Is China Seriously Beating the U.S. in the Shift Toward Natural Gas?

The United States believes in natural gas. The fuel is cheap and plentiful, emits half as much carbon dioxide as coal, and holds tremendous promise in reducing America's dependence on foreign energy. Given these advantages, it's no surprise the U.S. has increased its use of gas for power generation.

And entrepreneurs such as T. Boone Pickens are working tirelessly to ensure that America's roads will be dotted with many more natural gas-powered vehicles in the future. But despite this progress, one unlikely country is transitioning toward natural gas at a much faster pace: China.

A natural gas-powered vehicle in Pingyao, a county in China's central Shanxi province. Photo credit: Wikimedia Commons.

China's shift toward gas
At first glance, it might seem ridiculous that China -- a country infamous for its smog-filled cities and polluted waterways -- is beating the U.S. and other developed countries when it comes to adoption of natural gas. But you have to remember that it's starting from a much lower base. Nonetheless, the statistics are impressive.

According to estimates by consultancy IHS, China has added a whopping 1,500 natural gas refueling stations over the past five years, with about half of those opening in 2013 alone. By contrast, the U.S. added just 84 compressed natural gas, or CNG, stations last year.

China rolled out another 30,000 natural gas-fueled trucks last year and currently has some 2 million natural gas-powered trucks, buses, and cars on its roads, compared to a grand total of roughly 110,000 natural gas vehicles, or NGVs, in the U.S.

Indeed, the world's most populous nation is poised to become the fastest-growing market for natural gas-powered vehicles in the years ahead. By 2020, some 3.8 million cars, trucks, and buses in China will be powered by compressed or liquefied natural gas, nearly double the current figure, according to Bloomberg New Energy Finance. Why is that?

Key drivers of China's transition
A lot has to do with government policies promoting NGV use to combat China's growing air pollution problem. In fact, one of the biggest drivers of growth in the Chinese NGV market will be local governments converting their vehicle fleets -- such as taxis, waste collection trucks, and police cars -- to run on natural gas.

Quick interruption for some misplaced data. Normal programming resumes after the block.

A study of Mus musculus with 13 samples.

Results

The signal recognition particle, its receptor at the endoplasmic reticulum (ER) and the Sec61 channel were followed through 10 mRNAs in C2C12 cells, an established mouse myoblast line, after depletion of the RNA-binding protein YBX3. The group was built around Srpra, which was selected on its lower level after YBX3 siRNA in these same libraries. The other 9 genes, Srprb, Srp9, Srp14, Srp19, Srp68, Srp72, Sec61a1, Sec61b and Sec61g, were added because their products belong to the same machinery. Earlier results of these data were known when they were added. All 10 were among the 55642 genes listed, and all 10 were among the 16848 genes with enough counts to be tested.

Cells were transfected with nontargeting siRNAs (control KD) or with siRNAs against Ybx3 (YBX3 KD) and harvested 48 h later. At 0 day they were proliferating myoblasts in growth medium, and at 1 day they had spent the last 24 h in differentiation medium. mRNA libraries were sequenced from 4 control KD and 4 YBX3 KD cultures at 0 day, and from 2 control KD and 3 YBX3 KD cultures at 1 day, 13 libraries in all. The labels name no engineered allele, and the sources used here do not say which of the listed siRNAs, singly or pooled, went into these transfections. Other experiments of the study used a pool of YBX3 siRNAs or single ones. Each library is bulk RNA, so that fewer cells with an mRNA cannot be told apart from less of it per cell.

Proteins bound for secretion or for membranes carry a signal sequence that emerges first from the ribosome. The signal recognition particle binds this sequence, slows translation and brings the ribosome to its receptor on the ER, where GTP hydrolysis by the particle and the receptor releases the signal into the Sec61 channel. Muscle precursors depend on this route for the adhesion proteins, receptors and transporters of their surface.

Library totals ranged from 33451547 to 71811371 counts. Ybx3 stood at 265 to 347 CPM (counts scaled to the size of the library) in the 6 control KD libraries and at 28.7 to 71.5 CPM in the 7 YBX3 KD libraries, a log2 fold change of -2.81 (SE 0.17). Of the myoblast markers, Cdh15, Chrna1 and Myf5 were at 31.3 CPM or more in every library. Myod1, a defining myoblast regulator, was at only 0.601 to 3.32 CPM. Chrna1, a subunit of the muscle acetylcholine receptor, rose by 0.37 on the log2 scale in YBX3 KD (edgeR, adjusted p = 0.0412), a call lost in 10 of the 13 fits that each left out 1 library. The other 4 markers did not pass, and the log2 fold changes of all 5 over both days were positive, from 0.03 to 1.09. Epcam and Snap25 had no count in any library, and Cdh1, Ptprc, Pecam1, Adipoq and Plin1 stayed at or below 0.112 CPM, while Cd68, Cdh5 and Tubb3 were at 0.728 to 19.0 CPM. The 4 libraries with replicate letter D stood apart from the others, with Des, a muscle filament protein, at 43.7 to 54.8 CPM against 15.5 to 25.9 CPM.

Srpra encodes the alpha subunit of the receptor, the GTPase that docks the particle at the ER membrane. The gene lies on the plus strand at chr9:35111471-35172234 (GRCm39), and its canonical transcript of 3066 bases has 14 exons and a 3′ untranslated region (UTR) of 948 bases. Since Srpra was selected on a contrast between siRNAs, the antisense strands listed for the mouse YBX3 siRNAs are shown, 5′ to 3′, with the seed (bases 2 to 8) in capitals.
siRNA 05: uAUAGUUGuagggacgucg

The attractive economics of NGVs relative to electric or hybrid vehicles is another major driver. To support the shift, China recently inked a $400 billion, 30-year deal with Russia to import as much as 38 billion cubic meters of natural gas each year.

It is also investing heavily in the necessary infrastructure to import and distribute natural gas. For instance, state-owned oil companies such as CNOOC, PetroChina, and Sinopec are constructing numerous LNG import terminals along China's eastern shore, as well as smaller liquefaction facilities in inland areas. They're also teaming up with Western energy companies like BP and Total that will supply the fuel.

A long way to go
Despite China's aggressive shift toward natural gas, the country has far to go. Natural gas accounted for just 4.9% of its total primary energy consumption in 2012, according to U.S. Energy Information Administration data. That share is expected to rise to 8% by 2015 and 10% by 2020. By contrast, natural gas today accounts for nearly 30% of total U.S. energy consumption.

Furthermore, even with the expected doubling of the NGV count by 2020, such vehicles will then represent a minuscule 2% of the estimated 200 million automobiles in China. Still, that's a lot better than the 110,000 NGVs currently in the U.S., which represents a much smaller 0.05% share of the more than 250 million vehicles on the nation's roads.

Despite the challenges that lie ahead, China's decision to use more natural gas is a welcome development for the world's largest energy consumer and a major step in tackling its air pollution problem.


    I wasn't aware there was a race, but let them "win," if you can call it that.